It usually happens at night. While driving or walking by a restaurant almost completely empty the light- in your head – goes off.
The voice enters that space we are all familiar with and before long it begins, only in a whisper at first, to plant ideas in the other part of our brain that has completely divorced itself from the thought of another location.
Soon we find ourselves purposely walking or driving by the location that caught our eye as we begin the tracking and spying process of any good sale. Eventually, we find ourselves computing numbers, analyzing the neighborhood, studying the market until we are coaxed, by the miniscule whispering voice to go in and try the food.
Respectfully, of course, we realize the food sucks. It is the worst, borderline rancid conglomeration of dishwasher prepared ingredients we have ever tasted. While our taste buds are disgusted or voice is suddenly leaping for joy while yelling improvements can be made here, we can bring this place back to life and turn it into a rocket ship styled restaurant that will compute into a cash machine. Should we call it ATM? And so it goes until we suddenly find ourselves in the midst of negotiations with the owner who is tired, bedrazzled and bewildered hoping to get out with more than just a few pieces of rustic memorabilia, his recipe box and a few bucks for a consulting contract.
So enthused at the prospect of another location you do little in the form of structural inspection and before you know it the papers are signed, the money is transferred and guess what? Suddenly the miniscule voice – once your friend – is now laughing shouting “Are you crazy, why would you do such a thing?”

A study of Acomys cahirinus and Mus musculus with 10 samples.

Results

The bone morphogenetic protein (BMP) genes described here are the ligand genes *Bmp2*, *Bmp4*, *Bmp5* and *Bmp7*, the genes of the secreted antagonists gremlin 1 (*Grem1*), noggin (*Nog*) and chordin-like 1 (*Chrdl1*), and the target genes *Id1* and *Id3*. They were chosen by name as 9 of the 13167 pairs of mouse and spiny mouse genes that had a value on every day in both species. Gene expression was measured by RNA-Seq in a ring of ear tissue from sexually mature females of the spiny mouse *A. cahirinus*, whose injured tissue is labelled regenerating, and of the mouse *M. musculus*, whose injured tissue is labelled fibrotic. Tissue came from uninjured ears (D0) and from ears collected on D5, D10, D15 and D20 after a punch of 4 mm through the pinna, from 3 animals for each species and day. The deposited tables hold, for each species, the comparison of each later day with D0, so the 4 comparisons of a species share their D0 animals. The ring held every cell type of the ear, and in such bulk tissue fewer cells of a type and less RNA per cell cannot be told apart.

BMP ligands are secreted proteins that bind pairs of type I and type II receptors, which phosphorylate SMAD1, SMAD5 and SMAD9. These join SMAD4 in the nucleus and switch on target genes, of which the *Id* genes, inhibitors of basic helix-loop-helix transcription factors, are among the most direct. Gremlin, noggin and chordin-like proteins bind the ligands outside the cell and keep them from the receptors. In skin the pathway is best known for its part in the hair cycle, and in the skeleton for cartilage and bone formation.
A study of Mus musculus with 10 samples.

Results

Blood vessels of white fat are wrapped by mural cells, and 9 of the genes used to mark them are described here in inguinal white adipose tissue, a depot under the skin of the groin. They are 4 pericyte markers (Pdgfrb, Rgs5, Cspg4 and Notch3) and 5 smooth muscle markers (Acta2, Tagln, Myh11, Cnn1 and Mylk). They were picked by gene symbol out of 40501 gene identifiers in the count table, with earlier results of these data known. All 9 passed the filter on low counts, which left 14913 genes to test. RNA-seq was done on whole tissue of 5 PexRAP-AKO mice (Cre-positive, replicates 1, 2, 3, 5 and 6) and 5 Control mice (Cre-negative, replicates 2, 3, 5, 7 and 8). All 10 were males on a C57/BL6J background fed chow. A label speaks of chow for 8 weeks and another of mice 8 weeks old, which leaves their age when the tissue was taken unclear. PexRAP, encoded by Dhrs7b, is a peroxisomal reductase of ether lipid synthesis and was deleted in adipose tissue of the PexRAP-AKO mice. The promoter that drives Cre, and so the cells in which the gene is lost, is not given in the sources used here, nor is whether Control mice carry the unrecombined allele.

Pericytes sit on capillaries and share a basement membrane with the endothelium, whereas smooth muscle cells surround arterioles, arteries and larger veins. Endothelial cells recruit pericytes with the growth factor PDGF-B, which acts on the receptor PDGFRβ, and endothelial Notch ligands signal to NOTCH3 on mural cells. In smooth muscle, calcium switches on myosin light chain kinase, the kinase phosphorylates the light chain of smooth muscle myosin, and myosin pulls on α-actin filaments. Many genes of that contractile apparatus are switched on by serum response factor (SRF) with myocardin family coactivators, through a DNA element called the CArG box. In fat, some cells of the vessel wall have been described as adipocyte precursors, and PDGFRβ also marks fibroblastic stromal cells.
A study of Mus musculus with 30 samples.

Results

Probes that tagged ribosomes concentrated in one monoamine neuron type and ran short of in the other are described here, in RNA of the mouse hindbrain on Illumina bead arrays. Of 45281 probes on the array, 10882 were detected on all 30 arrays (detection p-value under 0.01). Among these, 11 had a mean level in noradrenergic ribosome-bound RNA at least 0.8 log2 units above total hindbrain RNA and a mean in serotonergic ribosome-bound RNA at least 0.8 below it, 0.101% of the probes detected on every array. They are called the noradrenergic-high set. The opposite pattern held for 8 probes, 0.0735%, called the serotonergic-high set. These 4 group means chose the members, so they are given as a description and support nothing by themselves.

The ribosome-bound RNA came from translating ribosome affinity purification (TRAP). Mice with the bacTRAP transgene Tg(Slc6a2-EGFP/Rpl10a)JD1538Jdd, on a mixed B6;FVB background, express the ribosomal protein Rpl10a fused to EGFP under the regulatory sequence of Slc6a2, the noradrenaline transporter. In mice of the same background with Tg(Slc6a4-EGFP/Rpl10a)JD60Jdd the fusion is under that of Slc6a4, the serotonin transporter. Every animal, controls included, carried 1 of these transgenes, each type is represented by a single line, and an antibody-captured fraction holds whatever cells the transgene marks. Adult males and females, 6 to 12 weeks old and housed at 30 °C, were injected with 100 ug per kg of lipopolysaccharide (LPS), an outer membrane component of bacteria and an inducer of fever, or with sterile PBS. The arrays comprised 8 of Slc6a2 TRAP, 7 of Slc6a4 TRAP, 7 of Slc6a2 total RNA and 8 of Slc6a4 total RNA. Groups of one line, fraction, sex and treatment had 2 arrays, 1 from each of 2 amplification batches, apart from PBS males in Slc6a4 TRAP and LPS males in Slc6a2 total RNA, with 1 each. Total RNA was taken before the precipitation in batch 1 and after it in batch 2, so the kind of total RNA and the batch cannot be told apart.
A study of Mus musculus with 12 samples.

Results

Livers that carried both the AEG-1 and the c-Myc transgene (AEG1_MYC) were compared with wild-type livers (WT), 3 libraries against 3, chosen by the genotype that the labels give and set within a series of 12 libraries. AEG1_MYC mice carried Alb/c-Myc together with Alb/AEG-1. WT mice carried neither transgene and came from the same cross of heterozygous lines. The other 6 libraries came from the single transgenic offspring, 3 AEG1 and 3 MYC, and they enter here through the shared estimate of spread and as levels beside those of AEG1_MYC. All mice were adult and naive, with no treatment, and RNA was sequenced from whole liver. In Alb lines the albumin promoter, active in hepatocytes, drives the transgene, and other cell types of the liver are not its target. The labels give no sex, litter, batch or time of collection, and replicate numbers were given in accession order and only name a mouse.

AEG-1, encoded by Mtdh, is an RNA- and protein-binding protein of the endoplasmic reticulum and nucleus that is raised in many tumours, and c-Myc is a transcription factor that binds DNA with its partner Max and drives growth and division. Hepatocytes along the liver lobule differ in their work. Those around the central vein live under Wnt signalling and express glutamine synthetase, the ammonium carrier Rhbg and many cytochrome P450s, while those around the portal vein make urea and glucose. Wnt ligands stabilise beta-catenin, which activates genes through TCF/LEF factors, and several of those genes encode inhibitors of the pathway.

Then the fun begins.
We have all stepped into that…movie. I have done it numerous times. The last time I did it was on
I should have done a better job of inspecting the property. Hindsight is always more clear than the vision blurred by excitement and enthusiasm.
Last week I walked by the old space – nine years after that lack of pluming experience and found that a new restaurant owner had bought out the restaurant owner who bought me out. The windows in the space had been papered for some time so I was aware a new owner was close behind. Looking inside I saw the space had almost been gutted, not because of the wild dreams of the new owner but because the electrical and plumbing and drainage needed a complete overhaul before anything could be cooked, poured, or presented.
In a brief conversation with the contractor I was told the wiring was bad, the plumbing was failing and the previous owner was very fortunate that nothing had happened to the building under those circumstances.
The lesson here is a tough one to realize. When signing a lease make sure that you inspect the books, but also make sure to clearly inspect the premises and the property that you are leasing. Seldom in a budget projection to owners or accountants line-in “previous tenant disasters” or “landlord avoidance issues”. However, anyone who has owned more than one restaurant should be aware that plumbing, electrical, grease trap malfunction and refrigeration failure are all plays in the game between landlord and tenant.
Keep in mind, the foundation for a successful restaurant: Inspected location, inspected location, inspected location.